Director: Andrew Marton
Script: Jon Manchip White & Julian Halevy
Cast: Dana Andrews, Janette Scott, Kieron Moore, Alexander Knox, Peter Damon, Jill Gillen, Gary Lasdun, Todd Martin
Running time: 96 minutes
Back in the Seventies and Eighties terrestrial television used to be full of films helping to fill up the schedules throughout the day. In fact, I first got into movies by watching a wide variety of films with my mum, while she beavered away at the ironing or peeling vegetables for meals. My favourite genres back then were sci-fi and fantasy films, and films like Crack in the World were good for my mum to watch too since they featured a bit of romance as well. I can’t actually remember seeing Crack in the World with my mother, but I wouldn’t be surprised if it had been shown on BBC1, BBC 2 or ITV sometime during the 1970s. It’s the sort of afternoon matinee feature they screened a lot back then…
Project Inner Space is led by Dr Steven Sorenson (Dana Andrews) and his considerably younger wife, Maggie (Janette Scott), and its aim is to harness the geothermal energy of the Earth’s core by detonating a powerful nuclear missile deep within the Earth’s core. After getting naysayer Maggie’s ex-boyfriend, Ted (Kieron Moore), out of the picture temporarily the Sorensons proceed with their dangerous experiment resulting in a crack occurring within the Earth’s crust, which threatens to split the Earth in two if it’s not stopped in time.
Steven Sorenson is dying anyway so is rather blasé about the whole thing, while his wife is torn between being the dutiful and loving spouse and the more thoughtful and critical researcher and post-doc that she really is. She’s also torn between her love for two men, (her dying husband and her ex-lover), hence the romance I mentioned earlier. In fact, Crack in the World is more a human drama than sci-fi film, but is still a fun watch in the main.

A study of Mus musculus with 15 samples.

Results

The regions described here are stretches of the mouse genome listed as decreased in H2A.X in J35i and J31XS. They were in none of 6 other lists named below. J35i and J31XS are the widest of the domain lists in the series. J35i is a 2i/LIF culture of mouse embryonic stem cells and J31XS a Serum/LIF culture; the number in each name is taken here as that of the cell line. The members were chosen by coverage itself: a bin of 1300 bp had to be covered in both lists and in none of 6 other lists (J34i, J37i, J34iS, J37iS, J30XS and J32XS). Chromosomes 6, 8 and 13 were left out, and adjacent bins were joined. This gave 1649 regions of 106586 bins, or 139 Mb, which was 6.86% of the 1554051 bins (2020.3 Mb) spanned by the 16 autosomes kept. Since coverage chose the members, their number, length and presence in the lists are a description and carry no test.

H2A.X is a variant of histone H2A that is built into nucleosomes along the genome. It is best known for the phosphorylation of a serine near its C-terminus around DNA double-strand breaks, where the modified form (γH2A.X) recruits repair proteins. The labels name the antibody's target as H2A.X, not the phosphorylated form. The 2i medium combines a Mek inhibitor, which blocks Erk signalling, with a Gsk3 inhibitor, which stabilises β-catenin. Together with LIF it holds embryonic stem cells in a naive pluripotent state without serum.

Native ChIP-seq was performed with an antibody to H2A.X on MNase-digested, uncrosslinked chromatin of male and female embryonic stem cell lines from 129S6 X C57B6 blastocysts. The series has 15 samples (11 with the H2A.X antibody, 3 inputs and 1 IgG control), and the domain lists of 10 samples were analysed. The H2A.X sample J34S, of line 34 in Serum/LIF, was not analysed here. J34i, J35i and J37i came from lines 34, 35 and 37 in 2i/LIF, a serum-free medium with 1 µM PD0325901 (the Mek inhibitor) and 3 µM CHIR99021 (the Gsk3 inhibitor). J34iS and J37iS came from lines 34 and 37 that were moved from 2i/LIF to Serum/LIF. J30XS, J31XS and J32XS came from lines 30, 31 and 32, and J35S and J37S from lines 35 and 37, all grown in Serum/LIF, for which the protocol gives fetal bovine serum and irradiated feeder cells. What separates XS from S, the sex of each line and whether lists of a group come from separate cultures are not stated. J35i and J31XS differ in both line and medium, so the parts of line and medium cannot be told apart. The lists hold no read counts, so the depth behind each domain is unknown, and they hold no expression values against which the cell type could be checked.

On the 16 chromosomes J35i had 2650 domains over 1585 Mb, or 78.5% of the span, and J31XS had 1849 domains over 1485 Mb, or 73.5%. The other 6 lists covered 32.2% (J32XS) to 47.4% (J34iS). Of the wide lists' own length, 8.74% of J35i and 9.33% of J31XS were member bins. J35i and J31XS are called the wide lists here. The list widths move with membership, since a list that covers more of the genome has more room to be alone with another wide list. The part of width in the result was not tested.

Director Andrew Marton, (who won a special Oscar for directing the chariot race in Ben Hur) keeps things moving along at a reasonable pace, (even though it takes 30 minutes to get to the missile launch), and tries to keep the film visually interesting, even when there are just dialogue scenes on screen. In fact, the sets are impressive, in a sort of James Bond villain’s lair kind of way, and the other visual effects, including matt paintings are quite impressive too, given their age. Parts of the film reminded me a little of some of Gerry Anderson’s ambitious sets for Thunderbirds and the like, especially some of the modelling on display.
Where the film is not so good is in its regular use of stock footage of volcanic lava and magma flows, which don’t always seem to match the main film’s footage, and the movie has too many two dimensional character stereotypes, including the mad scientist, the smart woman becoming a dumber foil to her male counterparts to make them look good, and the misunderstood hero character who saves the day at the last minute – or does he? I don’t want to give the ending away!
Like many sci-fi films from the 1950s and 1960s Crack in the World is full of ridiculous ideas and dodgy science, but is kind of more fun because of its ridiculousness. In fact it could be seen to be the Armageddon of its day. Although Armageddon didn’t have a gopher thrown into its cheesy mix like this film does!
Crack in the World is certainly recommended to those who enjoy a spot of vintage sci-fi and to those who are nostalgic for the days when TV scheduling had a healthy dose of cool older movies you’d never heard of before, and not just more recent blockbuster films, pretty much all screened after the 9pm watershed.
101 Films is distributing Crack in the World on Blu-ray. The only extra on the disc is a brand new commentary with film historians/ writers Allan Bryce and Richard Hollis who do a good job of putting the film into context in an engaging and light-hearted manner.